Finding a lump on your breast can be scary. Its important to remember that most breast lumps are non-cancerous (benign).
However, a breast lump can be a sign of cancer, so you should always seek a medical evaluation of any lumps or swelling you discover on your breasts.
Although associated with women, breast tissue is present both males and females. Your hormones affect this tissue. Hormonal changes can cause lumps to form and in some cases, to naturally disappear. You can develop lumps at any age.
Some babies develop breast lumps due to the estrogen they get from their mothers during birth. These generally clear up as the estrogen leaves their bodies.
Pre-pubescent girls sometimes get lumps that feel tender. These later clear up naturally during puberty. Adolescent boys can also get breast lumps during puberty. These are temporary and usually disappear in a few months as well.
Many things can cause a lump to form in your breast, including:
Breast tissue varies in consistency, with the upper-outer part of the breast being firm and the inner-lower parts feeling somewhat softer. If you are a woman, your breasts can become more tender or lumpy during your menstrual cycle. Breasts tend to get less dense as you get older.
It is important to be familiar with how your breasts normally feel so you are aware of changes. You should report any changes or concerns to your doctor.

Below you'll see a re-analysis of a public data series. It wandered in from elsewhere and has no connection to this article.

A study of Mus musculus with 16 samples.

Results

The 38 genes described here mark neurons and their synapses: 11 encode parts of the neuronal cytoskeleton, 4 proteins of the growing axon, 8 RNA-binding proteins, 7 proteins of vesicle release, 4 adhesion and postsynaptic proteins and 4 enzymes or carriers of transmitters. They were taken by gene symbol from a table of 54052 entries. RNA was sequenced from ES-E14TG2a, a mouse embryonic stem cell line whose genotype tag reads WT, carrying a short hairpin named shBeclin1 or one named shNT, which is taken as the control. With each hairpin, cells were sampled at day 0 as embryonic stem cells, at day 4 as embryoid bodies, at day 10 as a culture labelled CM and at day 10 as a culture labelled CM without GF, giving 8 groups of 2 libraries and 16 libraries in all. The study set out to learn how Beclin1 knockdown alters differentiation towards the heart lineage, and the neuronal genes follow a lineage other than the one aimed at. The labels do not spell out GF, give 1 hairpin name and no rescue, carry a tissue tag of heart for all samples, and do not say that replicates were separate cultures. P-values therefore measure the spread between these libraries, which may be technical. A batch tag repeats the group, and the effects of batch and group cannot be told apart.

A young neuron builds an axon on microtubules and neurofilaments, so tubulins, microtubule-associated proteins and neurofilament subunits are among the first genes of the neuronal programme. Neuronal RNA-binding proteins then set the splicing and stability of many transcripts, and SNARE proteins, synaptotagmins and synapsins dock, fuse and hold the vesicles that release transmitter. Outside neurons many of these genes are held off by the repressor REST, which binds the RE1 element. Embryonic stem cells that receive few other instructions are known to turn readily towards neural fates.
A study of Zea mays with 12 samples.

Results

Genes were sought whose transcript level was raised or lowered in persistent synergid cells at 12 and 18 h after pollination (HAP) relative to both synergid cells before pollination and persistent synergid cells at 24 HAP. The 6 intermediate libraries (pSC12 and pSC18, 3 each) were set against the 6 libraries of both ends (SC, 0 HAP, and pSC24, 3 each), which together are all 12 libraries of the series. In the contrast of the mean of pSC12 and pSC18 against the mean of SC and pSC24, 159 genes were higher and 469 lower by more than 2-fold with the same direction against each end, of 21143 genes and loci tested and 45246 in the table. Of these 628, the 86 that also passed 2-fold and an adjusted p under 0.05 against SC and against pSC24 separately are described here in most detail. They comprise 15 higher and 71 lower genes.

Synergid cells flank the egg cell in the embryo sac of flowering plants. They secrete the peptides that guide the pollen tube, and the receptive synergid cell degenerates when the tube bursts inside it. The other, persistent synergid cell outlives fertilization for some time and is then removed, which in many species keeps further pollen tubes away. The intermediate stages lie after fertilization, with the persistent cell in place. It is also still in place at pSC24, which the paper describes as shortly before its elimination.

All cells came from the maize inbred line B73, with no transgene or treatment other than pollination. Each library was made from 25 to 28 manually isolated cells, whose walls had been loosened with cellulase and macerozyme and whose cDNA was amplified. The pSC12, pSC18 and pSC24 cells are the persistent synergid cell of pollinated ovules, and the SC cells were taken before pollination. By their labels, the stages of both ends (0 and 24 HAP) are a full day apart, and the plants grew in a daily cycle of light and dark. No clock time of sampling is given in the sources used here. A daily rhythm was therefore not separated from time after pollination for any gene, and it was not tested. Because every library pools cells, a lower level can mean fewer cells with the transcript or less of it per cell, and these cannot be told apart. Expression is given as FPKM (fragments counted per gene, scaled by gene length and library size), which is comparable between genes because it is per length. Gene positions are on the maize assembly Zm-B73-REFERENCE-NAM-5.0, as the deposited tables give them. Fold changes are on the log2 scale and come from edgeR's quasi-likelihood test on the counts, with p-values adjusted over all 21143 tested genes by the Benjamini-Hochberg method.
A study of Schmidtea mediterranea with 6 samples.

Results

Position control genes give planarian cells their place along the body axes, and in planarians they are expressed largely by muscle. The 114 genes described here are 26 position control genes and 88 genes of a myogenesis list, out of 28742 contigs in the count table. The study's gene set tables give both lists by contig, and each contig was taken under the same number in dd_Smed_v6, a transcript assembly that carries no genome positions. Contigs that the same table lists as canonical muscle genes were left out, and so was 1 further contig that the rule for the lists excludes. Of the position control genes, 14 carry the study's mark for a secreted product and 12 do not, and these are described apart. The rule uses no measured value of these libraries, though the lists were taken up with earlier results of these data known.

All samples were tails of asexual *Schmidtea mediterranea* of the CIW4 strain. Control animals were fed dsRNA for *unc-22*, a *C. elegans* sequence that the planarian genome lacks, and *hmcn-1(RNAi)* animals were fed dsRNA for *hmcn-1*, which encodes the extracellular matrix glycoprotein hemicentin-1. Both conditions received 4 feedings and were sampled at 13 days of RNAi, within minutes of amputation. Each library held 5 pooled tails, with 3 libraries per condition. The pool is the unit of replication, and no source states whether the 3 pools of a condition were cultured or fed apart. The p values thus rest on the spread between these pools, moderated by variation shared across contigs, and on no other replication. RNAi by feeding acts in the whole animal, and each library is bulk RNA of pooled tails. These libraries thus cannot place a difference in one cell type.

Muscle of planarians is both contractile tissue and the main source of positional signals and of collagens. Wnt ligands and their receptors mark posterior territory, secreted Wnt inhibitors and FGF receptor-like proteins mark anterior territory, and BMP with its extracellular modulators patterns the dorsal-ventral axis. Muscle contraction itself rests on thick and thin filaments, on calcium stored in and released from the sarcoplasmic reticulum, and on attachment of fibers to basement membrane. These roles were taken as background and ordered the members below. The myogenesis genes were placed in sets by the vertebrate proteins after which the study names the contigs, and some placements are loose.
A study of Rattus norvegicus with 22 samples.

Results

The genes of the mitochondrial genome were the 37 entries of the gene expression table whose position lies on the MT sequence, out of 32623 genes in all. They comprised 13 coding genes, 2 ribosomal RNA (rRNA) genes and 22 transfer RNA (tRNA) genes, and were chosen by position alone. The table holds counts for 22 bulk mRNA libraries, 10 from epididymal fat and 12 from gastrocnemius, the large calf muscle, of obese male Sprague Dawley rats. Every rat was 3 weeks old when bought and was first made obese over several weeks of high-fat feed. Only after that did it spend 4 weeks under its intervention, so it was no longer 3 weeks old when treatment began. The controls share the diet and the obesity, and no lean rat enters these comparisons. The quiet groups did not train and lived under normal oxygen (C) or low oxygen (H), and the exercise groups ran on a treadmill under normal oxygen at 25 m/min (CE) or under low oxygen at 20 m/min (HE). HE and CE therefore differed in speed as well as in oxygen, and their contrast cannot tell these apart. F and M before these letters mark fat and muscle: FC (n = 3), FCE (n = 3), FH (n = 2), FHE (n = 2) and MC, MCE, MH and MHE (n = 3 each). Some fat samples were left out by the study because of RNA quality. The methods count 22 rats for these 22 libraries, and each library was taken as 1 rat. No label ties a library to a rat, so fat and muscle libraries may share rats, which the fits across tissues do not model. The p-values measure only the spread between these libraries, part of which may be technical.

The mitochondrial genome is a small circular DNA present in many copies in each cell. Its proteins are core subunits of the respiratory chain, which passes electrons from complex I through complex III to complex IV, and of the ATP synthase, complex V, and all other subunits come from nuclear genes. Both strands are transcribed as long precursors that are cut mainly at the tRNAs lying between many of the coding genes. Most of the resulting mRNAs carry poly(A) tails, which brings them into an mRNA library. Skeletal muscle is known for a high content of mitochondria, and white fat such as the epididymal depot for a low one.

Remember, most breast lumps are non-cancerous. However, you should make an appointment to see your doctor if:
When you visit your doctor to report a breast lump, he or she will probably ask you questions about when you discovered the lump and if you have any other symptoms. He or she will also perform a physical exam of the breasts.
If your doctor cannot identify the cause of the lump, additional testing may be ordered.
This is an X-ray of the breast that helps identify breast abnormalities. A diagnostic mammogram can be compared to previous screening mammograms (if available) to see how the breast tissue has changed.
This is a non-invasive, painless procedure that uses sound waves to produce images of your breast.
This test uses a magnetic field and radio waves to get detailed pictures of the breast.
Fluid from the lump can be removed with a needle. In some cases, an ultrasound is used to guide the needle. Non-cancerous cysts go away when the fluid is removed. If the fluid is bloody or cloudy, the sample will be analyzed by a laboratory for cancer cells.
This is a procedure to remove a sample of tissue for analysis under a microscope. There are several types of breast biopsy:
Your doctor must determine the cause of your breast lump before he or she can formulate a treatment plan. Not all breast lumps will need treatment.
If you have a breast infection, your doctor will probably prescribe antibiotics to cure it. If you have a cyst, it can be drained of fluids. Usually, cysts will go away after theyre drained.
If the lump is found to be breast cancer, treatment can include:
Your treatment will depend on the type of breast cancer you have, the size and location of the tumor, and whether the cancer has spread beyond your breast.